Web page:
Friday, February 13, 2015

The fullness of grace

"But now, with no further place for me in these regions, I desire, as I have for many years, to come to you when I go to Spain. For I do hope to see you on my journey and to be sent on by you, once I have enjoyed your company for a little while. At present, however, I am going to Jerusalem in a ministry to the saints; for Macedonia and Achaia have been pleased to share their resources with the poor among the saints at Jerusalem. They were pleased to do this, and indeed they owe it to them; for if the Gentiles have come to share in their spiritual blessings, they ought also to be of service to them in material things. So, when I have completed this, and have delivered to them what has been collected, I will set out by way of you to Spain; and I know that when I come to you, I will come in the fullness of the blessings of Christ."  Romans 15:23-29 (NRSV)

The setting for this letter to the Roman Christians is linked to the part of Paul’s journey in Acts 20-21 where Paul is headed toward Jerusalem to meet with the church there. Acts 20:16 says that he was eager to be in Jerusalem on the day of Pentecost.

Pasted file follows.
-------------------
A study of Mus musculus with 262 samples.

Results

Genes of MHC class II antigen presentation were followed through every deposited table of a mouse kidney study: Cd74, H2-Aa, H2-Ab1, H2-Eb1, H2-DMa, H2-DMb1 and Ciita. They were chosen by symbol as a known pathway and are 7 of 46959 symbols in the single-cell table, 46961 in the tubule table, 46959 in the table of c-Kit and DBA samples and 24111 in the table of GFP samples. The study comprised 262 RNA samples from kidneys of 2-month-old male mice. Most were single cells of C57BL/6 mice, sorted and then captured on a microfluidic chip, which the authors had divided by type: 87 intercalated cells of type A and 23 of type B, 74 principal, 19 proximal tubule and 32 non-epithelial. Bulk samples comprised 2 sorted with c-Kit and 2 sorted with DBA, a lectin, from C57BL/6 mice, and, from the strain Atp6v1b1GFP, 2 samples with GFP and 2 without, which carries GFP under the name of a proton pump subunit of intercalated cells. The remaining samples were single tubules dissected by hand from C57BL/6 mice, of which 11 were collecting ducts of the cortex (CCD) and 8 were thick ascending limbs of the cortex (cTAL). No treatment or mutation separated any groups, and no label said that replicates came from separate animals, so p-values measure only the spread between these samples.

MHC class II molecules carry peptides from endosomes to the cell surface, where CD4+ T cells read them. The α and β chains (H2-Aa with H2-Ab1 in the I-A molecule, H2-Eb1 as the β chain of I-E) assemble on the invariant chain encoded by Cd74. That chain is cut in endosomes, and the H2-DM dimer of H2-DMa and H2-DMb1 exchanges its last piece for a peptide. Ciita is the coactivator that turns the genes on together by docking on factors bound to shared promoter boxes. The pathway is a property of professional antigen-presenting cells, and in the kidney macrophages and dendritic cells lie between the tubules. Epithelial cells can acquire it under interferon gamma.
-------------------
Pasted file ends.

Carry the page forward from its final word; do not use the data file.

Paul loved Israel, and he is eager to return to Jerusalem and deliver, to the poor Christians, money collected by the Gentile churches. Paul wants to minister to these people, and his desire is so strong to go to Jerusalem, that he ignores all of the Holy Spirit-filled advice given to him by the churches in Miletus, Tyre, and Caesarea. These churches urged Paul not to go to Jerusalem, but Paul was determined to go anyway. (Acts 20 and 21).

We know the ending of the story. Paul went to Jerusalem, was arrested and sent to Rome where he was a prisoner until his death. In the scripture quoted above, Paul expresses his desire to see the Roman Christians, and he prophecies that he will “come in the fullness of the blessings of Christ.” Paul acted against the instructions of the Holy Spirit when he returned to Jerusalem. Yet, God still used Paul in a way that was mightier than anyone could imagine. After Paul was arrested and imprisoned, the “fullness of the blessings of Christ” extended not only to the Roman Christians, not only to the Gentile churches, but to all churches throughout the ages. God used Paul’s disobedience to bless our lives right now—right this very moment. What grand, all encompassing, time surpassing grace!